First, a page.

Friendships enrich your life and improve your health.
Most people would agree that having friends usually makes life more enjoyable. Did you know that having a good social network also helps to prevent cardiovascular disease and immune problems? Research shows that people who have good support from friends test with lower levels of the stress hormone, cortisol, in their blood. High levels of cortisol are linked to type 2 diabetes, high blood pressure and immune system suppression leading to a higher incidence of cancers, food allergies, gastrointestinal disorders and obesity with its related risks. Additionally, research has shown that one’s life expectancy is reduced as one’s social network gets smaller.
Having good friends brings us an increased sense of well-being and confidence, boosts our happiness and gives us a feeling of belonging in the world. We are better able to cope with trauma, disappointment and loss, and are not as prone to depression.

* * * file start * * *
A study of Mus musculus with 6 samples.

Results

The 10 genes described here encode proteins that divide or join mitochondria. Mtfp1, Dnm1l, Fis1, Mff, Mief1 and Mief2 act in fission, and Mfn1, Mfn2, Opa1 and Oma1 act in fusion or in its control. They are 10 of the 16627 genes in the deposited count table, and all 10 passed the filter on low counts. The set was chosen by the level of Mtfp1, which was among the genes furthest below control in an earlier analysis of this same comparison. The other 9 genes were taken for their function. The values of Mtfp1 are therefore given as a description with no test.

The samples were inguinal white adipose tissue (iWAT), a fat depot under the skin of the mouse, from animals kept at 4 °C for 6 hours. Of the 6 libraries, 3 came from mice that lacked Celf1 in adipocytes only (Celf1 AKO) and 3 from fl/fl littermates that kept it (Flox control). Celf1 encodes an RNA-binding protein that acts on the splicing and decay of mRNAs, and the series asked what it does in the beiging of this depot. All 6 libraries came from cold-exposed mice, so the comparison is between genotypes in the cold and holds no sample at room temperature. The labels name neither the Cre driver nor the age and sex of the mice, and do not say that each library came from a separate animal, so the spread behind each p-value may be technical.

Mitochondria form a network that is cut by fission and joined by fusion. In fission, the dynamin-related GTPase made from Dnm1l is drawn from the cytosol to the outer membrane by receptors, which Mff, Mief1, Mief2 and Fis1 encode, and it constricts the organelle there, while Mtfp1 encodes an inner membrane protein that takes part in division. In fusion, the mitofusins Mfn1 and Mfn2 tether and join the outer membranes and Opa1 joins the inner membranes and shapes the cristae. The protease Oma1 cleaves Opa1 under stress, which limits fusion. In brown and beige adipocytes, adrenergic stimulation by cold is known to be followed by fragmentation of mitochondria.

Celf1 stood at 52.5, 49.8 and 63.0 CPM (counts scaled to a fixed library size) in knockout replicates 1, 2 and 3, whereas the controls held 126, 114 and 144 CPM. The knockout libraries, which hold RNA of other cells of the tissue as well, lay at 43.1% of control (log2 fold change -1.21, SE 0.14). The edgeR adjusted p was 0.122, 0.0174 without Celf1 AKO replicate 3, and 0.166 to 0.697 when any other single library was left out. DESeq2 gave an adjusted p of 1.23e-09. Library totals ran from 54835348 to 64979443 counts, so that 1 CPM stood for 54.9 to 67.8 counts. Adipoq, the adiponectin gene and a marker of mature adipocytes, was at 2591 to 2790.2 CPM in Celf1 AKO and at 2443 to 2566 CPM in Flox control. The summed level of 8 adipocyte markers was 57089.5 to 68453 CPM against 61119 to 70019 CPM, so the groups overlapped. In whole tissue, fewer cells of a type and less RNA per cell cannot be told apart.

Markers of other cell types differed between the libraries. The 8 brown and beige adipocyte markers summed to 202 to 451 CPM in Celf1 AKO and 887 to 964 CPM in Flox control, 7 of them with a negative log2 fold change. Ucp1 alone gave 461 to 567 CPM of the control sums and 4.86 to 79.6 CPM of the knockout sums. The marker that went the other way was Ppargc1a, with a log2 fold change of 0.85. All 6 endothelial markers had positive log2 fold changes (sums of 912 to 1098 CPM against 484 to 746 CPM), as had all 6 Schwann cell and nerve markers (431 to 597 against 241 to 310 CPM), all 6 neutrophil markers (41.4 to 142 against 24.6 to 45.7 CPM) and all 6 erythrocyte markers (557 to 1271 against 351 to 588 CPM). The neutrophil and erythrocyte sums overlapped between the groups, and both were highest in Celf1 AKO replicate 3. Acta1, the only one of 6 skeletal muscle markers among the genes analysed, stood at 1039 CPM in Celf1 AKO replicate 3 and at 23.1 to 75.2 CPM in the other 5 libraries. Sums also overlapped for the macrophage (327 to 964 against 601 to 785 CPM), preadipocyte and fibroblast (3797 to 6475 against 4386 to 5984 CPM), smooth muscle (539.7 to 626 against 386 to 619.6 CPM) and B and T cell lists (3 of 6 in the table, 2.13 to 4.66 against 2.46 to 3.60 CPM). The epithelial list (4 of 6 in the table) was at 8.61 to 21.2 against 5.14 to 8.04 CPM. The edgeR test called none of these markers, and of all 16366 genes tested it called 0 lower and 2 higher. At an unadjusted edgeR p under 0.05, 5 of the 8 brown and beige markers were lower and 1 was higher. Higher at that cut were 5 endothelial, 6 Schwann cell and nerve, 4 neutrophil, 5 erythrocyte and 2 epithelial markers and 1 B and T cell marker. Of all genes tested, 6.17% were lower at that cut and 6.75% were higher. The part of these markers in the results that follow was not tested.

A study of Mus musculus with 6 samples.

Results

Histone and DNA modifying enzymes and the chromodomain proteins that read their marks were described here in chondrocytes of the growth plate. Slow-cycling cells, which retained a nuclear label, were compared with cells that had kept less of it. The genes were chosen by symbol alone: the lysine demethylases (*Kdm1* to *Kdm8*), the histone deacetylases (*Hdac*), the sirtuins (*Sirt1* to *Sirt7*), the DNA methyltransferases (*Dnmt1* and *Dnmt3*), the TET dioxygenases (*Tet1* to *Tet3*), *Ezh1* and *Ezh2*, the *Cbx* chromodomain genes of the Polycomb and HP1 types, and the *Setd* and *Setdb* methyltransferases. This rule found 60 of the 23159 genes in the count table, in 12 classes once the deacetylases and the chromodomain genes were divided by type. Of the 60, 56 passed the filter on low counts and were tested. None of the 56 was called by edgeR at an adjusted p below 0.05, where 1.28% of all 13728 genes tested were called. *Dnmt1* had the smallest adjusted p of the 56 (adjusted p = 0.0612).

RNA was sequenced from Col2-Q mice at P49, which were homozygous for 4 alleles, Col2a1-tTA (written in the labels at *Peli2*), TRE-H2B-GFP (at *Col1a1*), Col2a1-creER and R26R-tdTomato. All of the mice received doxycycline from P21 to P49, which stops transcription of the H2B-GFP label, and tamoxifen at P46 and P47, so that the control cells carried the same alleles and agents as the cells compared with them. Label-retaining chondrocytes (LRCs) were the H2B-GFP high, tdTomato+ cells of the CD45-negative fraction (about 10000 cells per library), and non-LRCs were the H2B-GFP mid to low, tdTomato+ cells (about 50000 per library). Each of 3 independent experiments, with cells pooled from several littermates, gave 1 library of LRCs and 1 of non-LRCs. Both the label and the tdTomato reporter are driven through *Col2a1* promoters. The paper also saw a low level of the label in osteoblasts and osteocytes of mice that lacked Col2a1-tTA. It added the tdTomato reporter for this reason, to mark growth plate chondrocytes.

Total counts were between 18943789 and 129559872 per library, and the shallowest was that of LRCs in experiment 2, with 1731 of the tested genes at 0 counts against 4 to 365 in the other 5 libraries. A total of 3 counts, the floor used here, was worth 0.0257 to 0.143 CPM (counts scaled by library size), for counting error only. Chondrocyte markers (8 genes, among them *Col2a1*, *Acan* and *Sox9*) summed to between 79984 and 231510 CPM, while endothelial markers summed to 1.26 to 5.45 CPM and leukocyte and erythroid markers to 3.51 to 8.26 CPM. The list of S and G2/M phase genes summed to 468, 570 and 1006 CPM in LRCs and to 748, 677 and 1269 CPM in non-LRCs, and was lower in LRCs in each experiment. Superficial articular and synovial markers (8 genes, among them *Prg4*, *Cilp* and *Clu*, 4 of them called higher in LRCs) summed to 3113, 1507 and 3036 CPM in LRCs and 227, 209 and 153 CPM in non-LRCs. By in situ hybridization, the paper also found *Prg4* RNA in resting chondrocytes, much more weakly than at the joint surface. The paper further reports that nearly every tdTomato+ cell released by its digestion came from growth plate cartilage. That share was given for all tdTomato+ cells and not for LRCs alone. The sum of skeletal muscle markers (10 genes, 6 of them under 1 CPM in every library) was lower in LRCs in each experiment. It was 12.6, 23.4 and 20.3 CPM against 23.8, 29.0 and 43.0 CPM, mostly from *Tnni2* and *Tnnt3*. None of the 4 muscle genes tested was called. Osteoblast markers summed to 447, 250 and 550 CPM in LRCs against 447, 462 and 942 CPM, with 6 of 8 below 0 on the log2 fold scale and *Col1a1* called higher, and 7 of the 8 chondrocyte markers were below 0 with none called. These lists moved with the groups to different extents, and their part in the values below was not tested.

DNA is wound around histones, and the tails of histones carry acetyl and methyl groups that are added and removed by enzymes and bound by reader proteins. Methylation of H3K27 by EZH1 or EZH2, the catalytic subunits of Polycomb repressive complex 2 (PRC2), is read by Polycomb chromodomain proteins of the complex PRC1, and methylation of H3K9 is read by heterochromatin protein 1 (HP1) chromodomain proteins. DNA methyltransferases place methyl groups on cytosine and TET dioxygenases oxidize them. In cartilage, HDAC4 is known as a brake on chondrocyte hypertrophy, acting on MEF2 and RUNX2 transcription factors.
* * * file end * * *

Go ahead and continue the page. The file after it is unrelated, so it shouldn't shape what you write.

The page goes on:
Friends make the insurmountable seem more manageable. In one study, participants stood at the base of a very steep hill and estimated how difficult it would be to climb it. Those standing with friends thought the hill to be less steep than those who were on their own. Of the friends group, the longer they had known each other, the gentler they thought the incline to be.
Another study found that people with good social networks were less prone to suffer dementia. Perhaps an active social life keeps your brain more active as well!
Although beneficial for everyone, there are some differences in the friendships of men and women. Research shows that women are geared more towards empathy and men towards companionship and altruism.
As we all know, there are times when friends can be the cause of our stress. In fact research shows that conflicts with friends raise blood pressure higher than conflicts with people we are not connected to. That being said, we are still better off with them than without. We all benefit from having friends and it is never too late to make them.